The experience of food (and wine) is remarkable for how it compresses time in the spectacle of the moment.
It begins with the soil being cultivated and fertilized, the seeds planted, nurtured, harvested, and then processed. Fruits and some vegetables are ripe only for a day before they begin their trajectory toward spoilage and must be brought to market quickly. When preparing meals we begin by looking over menus and recipes, gathering ingredients, and then planning to make sure the whole meal will be ready on time.
Then we taste, experiment, and consider how the meal will be presented. The dishes will be created and served with an organization which is culturally specific and may reflect long-standing traditions and firm expectations.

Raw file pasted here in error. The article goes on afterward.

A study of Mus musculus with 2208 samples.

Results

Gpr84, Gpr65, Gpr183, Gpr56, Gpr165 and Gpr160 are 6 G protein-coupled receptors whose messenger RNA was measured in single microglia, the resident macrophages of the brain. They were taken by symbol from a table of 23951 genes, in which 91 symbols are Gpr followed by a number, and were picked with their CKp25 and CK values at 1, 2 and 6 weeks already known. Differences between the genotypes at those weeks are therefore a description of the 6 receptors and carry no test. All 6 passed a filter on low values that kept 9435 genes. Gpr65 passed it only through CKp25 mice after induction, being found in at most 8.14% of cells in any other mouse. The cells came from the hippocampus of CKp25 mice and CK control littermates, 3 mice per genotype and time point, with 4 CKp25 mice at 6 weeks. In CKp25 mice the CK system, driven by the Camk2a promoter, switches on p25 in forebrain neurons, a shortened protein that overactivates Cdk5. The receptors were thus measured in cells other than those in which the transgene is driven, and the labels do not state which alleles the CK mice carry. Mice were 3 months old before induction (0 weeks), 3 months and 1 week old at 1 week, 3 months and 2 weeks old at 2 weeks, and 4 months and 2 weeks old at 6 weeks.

Then we cook, a laborious process sometimes unfolding over several days in which separate unedited components gradually come together to form a unity.
Finally the moment arrives! We eat.
The meal may be over in less than an hour. The dishes are cleared, cleaned, and stored for the next meal.
This is an amazingly extended process that becomes concentrated and culminates in just a few exquisite moments. To do justice to the food we must be fully present in that moment.
Yes, food is transient and ephemeral. Its finest examples will disappear almost instantly after they’re created. But this doesn’t diminish the value of food as an aesthetic experience. Its value lies in the fact that the experience flashes like a spark and then disappears.
To the extent we are paying attention, the activity of eating celebrates the fleeting presence of the here and now in a way no other experience does.